The US State Department on Thursday announced a withdrawal of non-emergency staff and their families from its embassy in Niger's capital Niamey because of instability after the coup.
"Given ongoing developments in Niger and out of an abundance of caution, the Department of State is ordering the temporary departure of non-emergency US government personnel and eligible family members from the US embassy in Niamey," spokesman Matthew Miller said in a statement.
It was the seventh military takeover in less than three years for the West and Central Africa region.
On Wednesday, US Secretary of State Antony Blinken spoke with Mr Bazoum by phone, Mr Miller said in a separate statement.
"We reiterate that the safety and security of President Bazoum and his family are paramount," he said.
"The United States is dedicated to finding a peaceful resolution that ensures that Niger remains a strong partner in security and development in the region."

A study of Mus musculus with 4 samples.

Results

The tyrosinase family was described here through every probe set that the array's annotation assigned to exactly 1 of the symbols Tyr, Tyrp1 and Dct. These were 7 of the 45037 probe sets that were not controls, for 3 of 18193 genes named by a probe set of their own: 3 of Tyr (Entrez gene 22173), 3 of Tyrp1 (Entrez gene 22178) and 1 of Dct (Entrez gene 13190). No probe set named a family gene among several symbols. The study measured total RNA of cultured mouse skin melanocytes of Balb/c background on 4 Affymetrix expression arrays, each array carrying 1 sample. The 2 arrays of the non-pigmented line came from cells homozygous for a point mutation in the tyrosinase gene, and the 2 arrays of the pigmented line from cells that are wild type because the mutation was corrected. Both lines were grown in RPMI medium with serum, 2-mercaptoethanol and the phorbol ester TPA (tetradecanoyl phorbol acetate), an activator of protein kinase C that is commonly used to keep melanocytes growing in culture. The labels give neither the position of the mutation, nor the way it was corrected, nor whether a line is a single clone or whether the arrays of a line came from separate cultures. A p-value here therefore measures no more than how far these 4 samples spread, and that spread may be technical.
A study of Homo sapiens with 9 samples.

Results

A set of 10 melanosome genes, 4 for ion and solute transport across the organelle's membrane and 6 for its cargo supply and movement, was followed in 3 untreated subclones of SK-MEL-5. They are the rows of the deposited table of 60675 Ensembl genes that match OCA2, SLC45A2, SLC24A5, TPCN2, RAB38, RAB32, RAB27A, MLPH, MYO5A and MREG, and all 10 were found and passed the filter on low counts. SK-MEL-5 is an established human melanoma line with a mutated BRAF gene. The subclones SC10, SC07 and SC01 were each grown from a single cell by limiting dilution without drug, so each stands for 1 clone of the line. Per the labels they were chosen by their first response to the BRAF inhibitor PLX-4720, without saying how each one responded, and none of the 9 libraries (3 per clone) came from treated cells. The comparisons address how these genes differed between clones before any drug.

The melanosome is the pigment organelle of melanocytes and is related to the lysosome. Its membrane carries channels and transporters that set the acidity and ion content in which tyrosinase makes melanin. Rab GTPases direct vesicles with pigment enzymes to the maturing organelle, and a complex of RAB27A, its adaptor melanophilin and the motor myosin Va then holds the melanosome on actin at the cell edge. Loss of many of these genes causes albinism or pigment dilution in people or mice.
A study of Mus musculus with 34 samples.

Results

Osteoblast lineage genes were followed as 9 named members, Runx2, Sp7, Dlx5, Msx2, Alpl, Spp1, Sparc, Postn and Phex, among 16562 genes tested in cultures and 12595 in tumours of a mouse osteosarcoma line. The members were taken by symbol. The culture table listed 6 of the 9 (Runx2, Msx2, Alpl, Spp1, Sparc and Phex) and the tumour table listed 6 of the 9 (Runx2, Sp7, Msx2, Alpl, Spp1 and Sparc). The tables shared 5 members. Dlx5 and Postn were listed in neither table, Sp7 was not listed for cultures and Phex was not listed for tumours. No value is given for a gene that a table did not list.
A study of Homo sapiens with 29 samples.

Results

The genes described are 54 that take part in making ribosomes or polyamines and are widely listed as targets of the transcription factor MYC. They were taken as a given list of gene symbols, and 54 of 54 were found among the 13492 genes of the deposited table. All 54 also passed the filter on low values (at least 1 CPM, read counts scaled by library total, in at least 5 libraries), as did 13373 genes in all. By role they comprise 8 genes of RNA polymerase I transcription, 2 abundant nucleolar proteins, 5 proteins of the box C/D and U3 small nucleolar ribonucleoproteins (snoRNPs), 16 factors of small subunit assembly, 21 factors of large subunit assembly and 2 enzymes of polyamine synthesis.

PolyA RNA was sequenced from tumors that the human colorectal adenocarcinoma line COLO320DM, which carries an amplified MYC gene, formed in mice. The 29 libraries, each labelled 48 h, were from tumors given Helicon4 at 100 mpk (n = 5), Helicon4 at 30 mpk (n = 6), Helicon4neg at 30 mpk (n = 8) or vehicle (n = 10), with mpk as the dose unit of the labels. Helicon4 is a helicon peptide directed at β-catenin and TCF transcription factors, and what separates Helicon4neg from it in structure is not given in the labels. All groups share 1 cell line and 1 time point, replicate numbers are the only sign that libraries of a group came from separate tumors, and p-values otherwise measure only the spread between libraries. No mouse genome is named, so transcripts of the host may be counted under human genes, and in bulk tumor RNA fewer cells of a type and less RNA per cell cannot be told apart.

Earlier, Mr Miller said the evacuation was to protect "safety and security" of US citizens and government staff while "commercial flight options are limited".
France sent its first evacuation flight on Tuesday, on which people from several European states travelled. It has since sent two more, and a fourth is reportedly planned.
An Italian military plane with 99 passengers arrived in Rome from Niger on Wednesday and other countries are considering sending flights for additional nationals seeking to leave Niger.
The US embassy will continue to be "open for limited, emergency services for US citizens", Mr Miller said, while the government's travel advisory has raised its threat level to "Do not travel".
"We are only able to provide emergency assistance to US citizens in Niger given our reduced personnel."
The US has said it is in communication with military members now leading the country, and its newly appointed ambassador Kathleen FitzGibbon is set to arrive in Niamey soon.
"The United States remains committed to our relationship with the people of Niger and to Nigerien democracy," Mr Miller said. "We remain diplomatically engaged at the highest levels."